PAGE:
The Good Wife's secret weapon last year was the element of surprise. I'm sure 95% of the audience tuning in was just interested to see what a show about a politician's wife living through a sex scandal would be like. Then it turned out to be the freshest take on a network legal drama in years. It looked like a Julianna Margulies vehicle, but the entire cast turned out to be stellar. So the question is, how surprising can the show be this year?
From the first episode of season two, "Taking Control," it looks like things will be shaken up a little, but the show's customary mix of ripped-from-the-headlines legal cases, Chicago political intrigue and family drama remains intact. Alicia Florrick (Margulies), now secure at corporate law firm Gardner & Lockhart, is navigating the dueling affections of her cheating husband Peter (Chris Noth), now released from prison, and her old college flame Will Gardner (Josh Charles), now her boss. At the same time, the firm is merging with a D.C. practice headed by Derrick Bond (new character Michael Ealy) and Peter is running for office with the guidance of cutthroat political operative Eli Gold (Alan Cumming, now a regular).
Still, even with upheaval at the law firm and the departure of the cutely smarmy Cary (Matt Czuchry), who has become a prosecutor under the watch of the sinister Glenn Childs (the fantastic Titus Welliver), the format of the show is largely the same. "Taking Control" features a case modeled on Wikileaks' recent divulging of secrets about the war on terror, although things are kept interesting because the defendant insists on representing himself. Without giving too much away, the plot is also a fine example of what keeps The Good Wife separate from the many legal dramas that have aired before: a big, healthy dose of cynicism.
Alicia doesn't work at some do-gooder fight-for-the-little guy firm, but instead a big, scary, corporate monster of a place, and The Good Wife doesn't shy away from presenting the ups and downs of that. On the one hand, you've got unlimited resources, especially sinuous investigator Kalinda Sharma (Archie Panjabi, who collected an Emmy for her performance this year) but on the other, you're often representing rich bastards who may well have committed the crimes you're defending them against. The firm's pro bono work keeps things from settling into a pattern every week, but The Good Wife has to be applauded for not shying away from showing that which most legal shows never did: clients are often guilty and you have to represent them anyway; the good guys don't always win, and if they do, sometimes it's not a clean win, but a deal cut under the table or through spurious legal maneuvering.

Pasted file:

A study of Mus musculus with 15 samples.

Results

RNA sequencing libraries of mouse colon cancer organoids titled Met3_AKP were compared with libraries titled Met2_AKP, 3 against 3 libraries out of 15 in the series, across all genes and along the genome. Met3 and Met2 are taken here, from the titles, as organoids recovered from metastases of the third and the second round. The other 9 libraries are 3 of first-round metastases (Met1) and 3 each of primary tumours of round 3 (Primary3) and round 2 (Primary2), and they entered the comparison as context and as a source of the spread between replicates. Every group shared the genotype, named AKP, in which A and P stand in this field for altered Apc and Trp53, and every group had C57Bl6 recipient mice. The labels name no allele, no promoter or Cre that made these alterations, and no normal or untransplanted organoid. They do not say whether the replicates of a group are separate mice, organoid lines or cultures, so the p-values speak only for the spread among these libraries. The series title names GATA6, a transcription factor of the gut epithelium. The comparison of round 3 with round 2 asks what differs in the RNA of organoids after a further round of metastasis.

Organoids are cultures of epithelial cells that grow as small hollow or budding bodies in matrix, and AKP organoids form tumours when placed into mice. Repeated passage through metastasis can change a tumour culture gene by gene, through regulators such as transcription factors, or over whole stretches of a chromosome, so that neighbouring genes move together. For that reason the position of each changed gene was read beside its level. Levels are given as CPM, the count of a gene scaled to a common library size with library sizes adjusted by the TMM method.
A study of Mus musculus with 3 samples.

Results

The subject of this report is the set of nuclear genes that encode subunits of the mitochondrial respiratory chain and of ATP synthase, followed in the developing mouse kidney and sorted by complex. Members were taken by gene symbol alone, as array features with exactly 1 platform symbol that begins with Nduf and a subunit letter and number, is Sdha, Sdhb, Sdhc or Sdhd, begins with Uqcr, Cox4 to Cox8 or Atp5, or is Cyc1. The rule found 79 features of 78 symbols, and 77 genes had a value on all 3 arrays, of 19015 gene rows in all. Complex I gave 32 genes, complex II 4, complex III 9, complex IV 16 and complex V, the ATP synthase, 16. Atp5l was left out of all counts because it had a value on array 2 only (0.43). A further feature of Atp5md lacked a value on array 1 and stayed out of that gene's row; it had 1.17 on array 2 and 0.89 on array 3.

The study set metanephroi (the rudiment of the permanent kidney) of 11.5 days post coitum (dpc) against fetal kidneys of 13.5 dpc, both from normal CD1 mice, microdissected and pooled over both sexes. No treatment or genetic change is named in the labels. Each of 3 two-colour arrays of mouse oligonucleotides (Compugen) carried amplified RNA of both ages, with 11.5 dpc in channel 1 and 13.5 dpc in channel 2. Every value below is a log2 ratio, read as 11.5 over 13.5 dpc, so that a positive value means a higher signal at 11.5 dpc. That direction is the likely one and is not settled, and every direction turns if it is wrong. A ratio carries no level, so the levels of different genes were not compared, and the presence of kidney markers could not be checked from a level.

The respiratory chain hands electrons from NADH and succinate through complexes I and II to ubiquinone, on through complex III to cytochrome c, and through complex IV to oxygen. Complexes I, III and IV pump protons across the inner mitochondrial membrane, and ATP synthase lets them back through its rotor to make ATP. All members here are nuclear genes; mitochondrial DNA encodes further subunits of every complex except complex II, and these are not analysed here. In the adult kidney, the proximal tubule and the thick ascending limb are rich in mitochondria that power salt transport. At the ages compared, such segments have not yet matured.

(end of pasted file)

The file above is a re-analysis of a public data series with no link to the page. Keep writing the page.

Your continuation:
The political aspect of the show, originally the reason I tuned in, was often a distraction last year despite the fine work of Noth and Cumming. A somewhat nebulous conspiracy around Peter and the people who may or may not have framed him became too vague to really follow clearly and never got resolved — Peter was released from prison on appeal (he definitely slept with a prostitute, he just didn't pay her for the sex) but there was no follow-through on further incriminating evidence of him smoking crack (found to be faked by his enterprising kids).
Welliver's creepy, robotic performance as Peter's rival has been a lot of fun to watch but his motives remain difficult to judge: at best, he's quasi-villainous. I've never been too inclined to root for Peter because the show never made much effort to present him as a hero, just a charismatic politician with as many friends as enemies. Whether season two will turn his election campaign against Childs into a good-versus-evil battle remains to be seen, but I think I'd prefer it to stay away from such easy characterization and humanize Childs somewhat. Last season, Alicia was repeatedly reminded that her husband, while appealing, had some major skeletons in his closet; her unease at having to be by his side during the campaign is wonderfully, and subtly, played by Margulies. Eli Gold's constant negotiations and machinations to keep her there give the show another quasi-villain, although Cumming is far too enjoyable onscreen to really hate at all.
The final aspect of The Good Wife that made it such a powerhouse last year ratings-wise and awards-wise (although, in terms of ratings, following NCIS and NCIS: LA certainly helped it find its footing) was the multitude of intriguing romantic pairings it found between its cast members. Alicia is caught between her husband and Will, which got more and more interesting over the year as we realized how much the two men had in common, in terms of their willingness to undercut any idealism to get what they want. Watching them try and out-cool each other every time they were in a room together was something to see. But outside of this triangle, there was the deepening mystery of Kalinda's sexuality and Cary nursing a rather adorable crush on her. Whether Kalinda is gay, bi or just extremely good at getting what she wants remains a mystery, but she has a new love interest in season 2's premiere, a rival investigator played by Friday Night Lights' Scott Porter.
As an episode, "Taking Control" is almost jarringly fast-paced, jumping into the new setup at Lockhart & Gardner and Peter's campaign while also focusing on the Wikileaks case. There's a lot going on and a couple characters, most notably the wonderful Christine Baranski as senior partner Diane Lockhart, get short shrift, but the show's writers seem to have a good grasp on where things are going and set the table for us well. There's minimal melodrama and lots of icy stares and backroom deals; in other words, it's the show I grew to love last year.